Thursday, April 4, 2019

From 2011: "An Earthworm Story"

The recent rains and winds we've been having here in Mississippi finally took their toll on some of my Snapdragons. A week or so ago, they looked like this ...

After each battering by rain and wind, they became more and more bedraggled, and finally got to the point that they couldn't straighten back up. Poor things ... yesterday, I took them out of their misery and pulled them up and transplanted them in one big clump in the backyard.

Before I pulled them up, though, I cut some blooms and stuck them in a glass and put them on a table under our porch.

My "stick-in-a-glass-or-jar" bouquets usually turn out better than the ones I try to arrange, and I'm sure we'll enjoy these pretty Snaps all weekend.

I replaced the Snapdragons with a few Sunpatiens, and love the color they added to the courtyard.

While digging the holes to plant the flowers, I disturbed quite a few earthworms, and stopped to watch as they wiggled and burrowed their way back under the dirt. As I watched them, I couldn't help but wonder if my probings with my trowel hurt them, or if the bright sunlight hurt their eyes ... or if they even have eyes!

The more I thought about them, the more curious I became, and after doing a quick Google search, I came across the University of Illinois Extension's website, which provided some interesting facts about earthworms (comments in bold are mine).

  • A worm has no arms, legs or eyes.

  • An earthworm can grow only so long. A well-fed adult will depend on what kind of worm it is, how many segments it has, how old it is and how well fed it is.

  • There are approximately 2,700 different kinds of earthworms.

  • Worms live where there is food, moisture, oxygen and a favorable temperature. If they don’t have these things, they go somewhere else.

  • In one acre of land, there can be more than a million earthworms.

  • The largest earthworm ever found was in South Africa and measured 22 feet, from its nose to the tip of its tail. (That makes me shudder to think about it!)

  • Worms tunnel deeply in the soil and bring subsoil closer to the surface, mixing it with the topsoil. Slime, a secretion of earthworms, contains nitrogen. Nitrogen is an important nutrient for plants, and the sticky slime helps to hold clusters of soil particles together in formations called aggregates.

  • Charles Darwin spent 39 years studying earthworms more than 100 years ago.

  • Worms are cold-blooded animals.

  • Earthworms have the ability to replace or replicate lost segments. This ability varies greatly depending on the species of worm you have, the amount of damage to the worm, and where it is cut. It may be easy for a worm to replace a lost tail, but may be very difficult or impossible to replace a lost head if things are not just right. (I can't help but wonder what the "right conditions" are for replacing a lost head)

  • Baby worms are not born — they hatch from cocoons smaller than a grain of rice.

  • The Australian Gippsland Earthworm grows to 12 feet long, and can weigh 1-1/2 pounds (That sounds too much like a snake to me!)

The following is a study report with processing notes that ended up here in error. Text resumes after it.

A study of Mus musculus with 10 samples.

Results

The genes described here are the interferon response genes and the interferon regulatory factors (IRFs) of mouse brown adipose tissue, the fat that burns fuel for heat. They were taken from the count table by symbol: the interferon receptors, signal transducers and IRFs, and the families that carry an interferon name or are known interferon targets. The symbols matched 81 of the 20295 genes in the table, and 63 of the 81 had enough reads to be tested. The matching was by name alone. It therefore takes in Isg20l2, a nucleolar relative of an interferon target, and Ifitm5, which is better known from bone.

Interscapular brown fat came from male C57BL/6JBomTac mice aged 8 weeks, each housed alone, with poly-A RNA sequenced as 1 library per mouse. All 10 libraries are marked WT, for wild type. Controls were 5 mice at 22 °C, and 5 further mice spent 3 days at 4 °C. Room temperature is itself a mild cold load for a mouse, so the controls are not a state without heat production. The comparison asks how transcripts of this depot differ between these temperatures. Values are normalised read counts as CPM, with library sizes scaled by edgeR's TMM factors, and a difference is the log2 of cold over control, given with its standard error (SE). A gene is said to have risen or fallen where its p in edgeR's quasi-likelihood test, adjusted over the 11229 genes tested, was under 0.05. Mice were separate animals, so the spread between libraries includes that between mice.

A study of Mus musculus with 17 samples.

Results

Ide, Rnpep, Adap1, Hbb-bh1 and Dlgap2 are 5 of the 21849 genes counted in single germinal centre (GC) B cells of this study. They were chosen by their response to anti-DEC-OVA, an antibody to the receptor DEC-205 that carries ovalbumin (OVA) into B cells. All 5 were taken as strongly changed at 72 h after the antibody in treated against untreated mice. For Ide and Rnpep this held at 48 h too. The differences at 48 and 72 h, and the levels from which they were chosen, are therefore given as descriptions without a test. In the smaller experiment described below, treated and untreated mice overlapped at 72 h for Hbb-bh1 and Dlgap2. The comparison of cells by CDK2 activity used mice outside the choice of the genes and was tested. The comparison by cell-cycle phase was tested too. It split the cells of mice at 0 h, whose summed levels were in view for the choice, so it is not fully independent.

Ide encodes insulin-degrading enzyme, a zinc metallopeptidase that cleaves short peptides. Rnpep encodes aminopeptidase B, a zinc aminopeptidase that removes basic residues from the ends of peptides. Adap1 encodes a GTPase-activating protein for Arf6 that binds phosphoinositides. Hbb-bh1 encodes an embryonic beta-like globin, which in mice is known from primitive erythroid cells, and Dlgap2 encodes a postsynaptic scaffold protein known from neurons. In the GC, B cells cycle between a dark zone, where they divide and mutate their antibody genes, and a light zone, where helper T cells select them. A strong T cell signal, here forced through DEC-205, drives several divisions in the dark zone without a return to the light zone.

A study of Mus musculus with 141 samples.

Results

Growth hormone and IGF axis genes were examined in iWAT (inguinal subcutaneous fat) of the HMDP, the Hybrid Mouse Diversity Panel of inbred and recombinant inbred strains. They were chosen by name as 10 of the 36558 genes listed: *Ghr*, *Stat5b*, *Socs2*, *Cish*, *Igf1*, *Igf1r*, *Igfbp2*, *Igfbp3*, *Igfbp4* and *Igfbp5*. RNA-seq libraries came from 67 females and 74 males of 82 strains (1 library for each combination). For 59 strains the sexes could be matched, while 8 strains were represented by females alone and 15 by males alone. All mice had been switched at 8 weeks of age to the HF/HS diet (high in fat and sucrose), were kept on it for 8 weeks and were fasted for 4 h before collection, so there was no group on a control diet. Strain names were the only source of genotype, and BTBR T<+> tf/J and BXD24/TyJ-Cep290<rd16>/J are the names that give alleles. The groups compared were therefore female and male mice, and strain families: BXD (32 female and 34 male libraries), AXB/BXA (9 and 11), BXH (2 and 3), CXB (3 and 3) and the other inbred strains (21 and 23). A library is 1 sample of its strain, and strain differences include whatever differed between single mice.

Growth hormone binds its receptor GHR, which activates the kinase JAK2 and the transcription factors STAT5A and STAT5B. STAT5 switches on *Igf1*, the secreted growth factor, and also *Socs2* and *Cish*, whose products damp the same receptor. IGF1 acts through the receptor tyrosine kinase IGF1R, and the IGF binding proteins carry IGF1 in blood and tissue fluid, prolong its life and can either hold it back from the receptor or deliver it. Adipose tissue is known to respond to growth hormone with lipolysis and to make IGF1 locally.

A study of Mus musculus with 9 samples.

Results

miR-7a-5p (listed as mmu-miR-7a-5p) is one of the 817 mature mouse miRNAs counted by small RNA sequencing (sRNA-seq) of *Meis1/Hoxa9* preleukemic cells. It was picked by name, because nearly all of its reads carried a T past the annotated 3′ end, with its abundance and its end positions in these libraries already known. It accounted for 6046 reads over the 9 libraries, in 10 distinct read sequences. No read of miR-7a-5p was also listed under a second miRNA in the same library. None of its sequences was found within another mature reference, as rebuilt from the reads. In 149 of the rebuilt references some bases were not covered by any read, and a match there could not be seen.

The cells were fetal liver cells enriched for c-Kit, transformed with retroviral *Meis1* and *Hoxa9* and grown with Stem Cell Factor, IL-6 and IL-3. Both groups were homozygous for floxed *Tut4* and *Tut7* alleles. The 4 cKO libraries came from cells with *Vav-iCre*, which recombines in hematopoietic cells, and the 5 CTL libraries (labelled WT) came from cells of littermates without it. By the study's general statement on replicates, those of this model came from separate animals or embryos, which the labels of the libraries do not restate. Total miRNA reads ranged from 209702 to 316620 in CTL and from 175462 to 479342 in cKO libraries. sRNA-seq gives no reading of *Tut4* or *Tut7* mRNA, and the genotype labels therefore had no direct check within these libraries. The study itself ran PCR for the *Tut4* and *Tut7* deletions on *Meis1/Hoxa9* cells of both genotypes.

• Even though worms don’t have eyes, they can sense light, especially at their anterior (front end). They move away from light and will become paralyzed if exposed to light for too long (approximately one hour).

  • If a worm’s skin dries out, it will die.

  • Worms can eat their weight each day.

I learned a lot about earthworms as a result of my research, and I also discovered that there's no way you can capture a pretty picture of a worm (or at least, I couldn't). But that didn't keep me from trying.

One little worm was especially gregarious, and stopped wiggling and burrowing long enough for me to get a few closeup shots.

I told you it wasn't pretty!

Unfortunately, in most of the pictures, he looked more like a little snake than an earthworm (shudder, again!), and he was slimy and covered with dirt (well, after all, he was an EARTHWORM, right?).

To make matters worse, I couldn't tell which end was his head and which was his tail, but figured he would be burrowing with his head, so I focused on the "burrowing end."

In this picture, I was trying to get a close up of his "face" to see if he had eyes (he didn't) ...

And in this one, you can see his segmented body which contracts to help him burrow under the dirt.

Poor little thing ... he's probably burrowed his way halfway to China by now to escape my trowel and zoom lens.

But I'm glad I had the opportunity to satisfy my curiosity about earthworms, and I like knowing that they are busy at work in my flowerbeds burrowing and loosening the dirt so my flowers can flourish.

And to leave you with a pretty picture for the weekend, here's another one of my "bouquet."

Gone, But Not Forgotten

Be sure your sound is turned up so you can hear the music ...Click to play this Smilebox slideshow

Tuesday, January 15, 2019

"Wistfully Wishing"

Webster's defines the word Wistful as — full of yearning or desire tinged with melancholy; also, inspiring such yearning.

After about a week and a half of almost relentless rain and unseasonably warm temperatures, I have to admit that I'm already "wistfully wishing" and pining for Spring.

I know it's only January, and here in the South, we still have a couple of more months before we can even hope for signs of Spring (although I have noticed that Quince and Forsythia have been fooled by Mother Nature, and are already blooming because of the warm temperatures) ... but in the spirit of all that "wistfulness," I would like to share a few WISTeria blossoms I captured in pictures a couple of Springs ago.

I look forward to this Spring when I can capture some new Wisteria pictures, but, for now, these will add a little sunshine to these stormy, rainy winter days.

I hope they brighten your day, whatever the weather is where you live.